PM: Jews' fate 'intimately bound' with Israel's

Prime minister tells CNN that Israel does not seek to dominate anyone, seeks to live in peace with its neighbors.

PM Netanyahu at the President's Residence 370 (photo credit: Amos Ben-Gershom/GPO)
PM Netanyahu at the President's Residence 370
(photo credit: Amos Ben-Gershom/GPO)
Prime Minister Binyamin Netanyahu asserted that the future of the Jewish people is "intimately bound" with the future of the State of Israel, speaking in an interview with CNN aired Tuesday.
"My job as the prime minister of Israel," he added, "is to ensure that future."
Addressing a question of the connection young American Jews have with the Jewish state, Netanyahu said he believes there is a stronger connection than meets the eye, and one that can be built up. "There is a very strong bond that we can encourage and develop," he continued, lauding programs like Birthright-Taglit, which bring young Diaspora Jewry to visit Israel, as ways to do so.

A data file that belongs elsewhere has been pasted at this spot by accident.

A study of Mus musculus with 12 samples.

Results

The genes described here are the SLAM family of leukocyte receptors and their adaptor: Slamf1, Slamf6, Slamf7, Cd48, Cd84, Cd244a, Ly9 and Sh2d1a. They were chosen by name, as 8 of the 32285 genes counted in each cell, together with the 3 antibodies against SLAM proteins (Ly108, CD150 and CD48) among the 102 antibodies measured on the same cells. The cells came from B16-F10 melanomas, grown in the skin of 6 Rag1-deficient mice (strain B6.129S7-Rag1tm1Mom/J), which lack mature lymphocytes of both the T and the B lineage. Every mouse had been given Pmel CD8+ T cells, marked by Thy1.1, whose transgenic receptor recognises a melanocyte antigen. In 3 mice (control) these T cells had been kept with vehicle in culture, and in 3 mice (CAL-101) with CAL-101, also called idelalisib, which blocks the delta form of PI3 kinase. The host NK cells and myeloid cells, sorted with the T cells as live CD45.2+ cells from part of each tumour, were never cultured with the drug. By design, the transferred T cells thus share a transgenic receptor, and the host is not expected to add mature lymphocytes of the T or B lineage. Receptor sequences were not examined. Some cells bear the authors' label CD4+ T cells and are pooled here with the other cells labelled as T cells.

Responding to what the CNN interviewer described as changed world perceptions of Israel from an underdog to a dominant power, Netanyahu asserted, "We are not seeking to dominate anybody."
"We are seeking to live in peace with our neighbors," he said. "I hope they decide to do the same with us."
On Iran, the prime minister acknowledged that sanctions are visibly impairing the Islamic Republic's economy but have not impacted its continuing nuclear activities.
"They're certainly taking a bite out of the Iranian economy, but so far they haven't rolled back the Iranian program or even stopped it by one iota," Netanyahu said. "I hope that changes, but so far, I can tell you the centrifuges are spinning."
"If the sanctions are going to work, they better work soon," he emphasized.
Asked how he knows about Iran's nuclear activities, the prime minister retorted, "Oh, we know."
"We know, and others know and we share what we know. This is not a case of the questions that people had about Saddam Hussein," he continued when pressed further, referring to the botched intelligence on Iraq's nuclear program ahead of the 2003 invasion.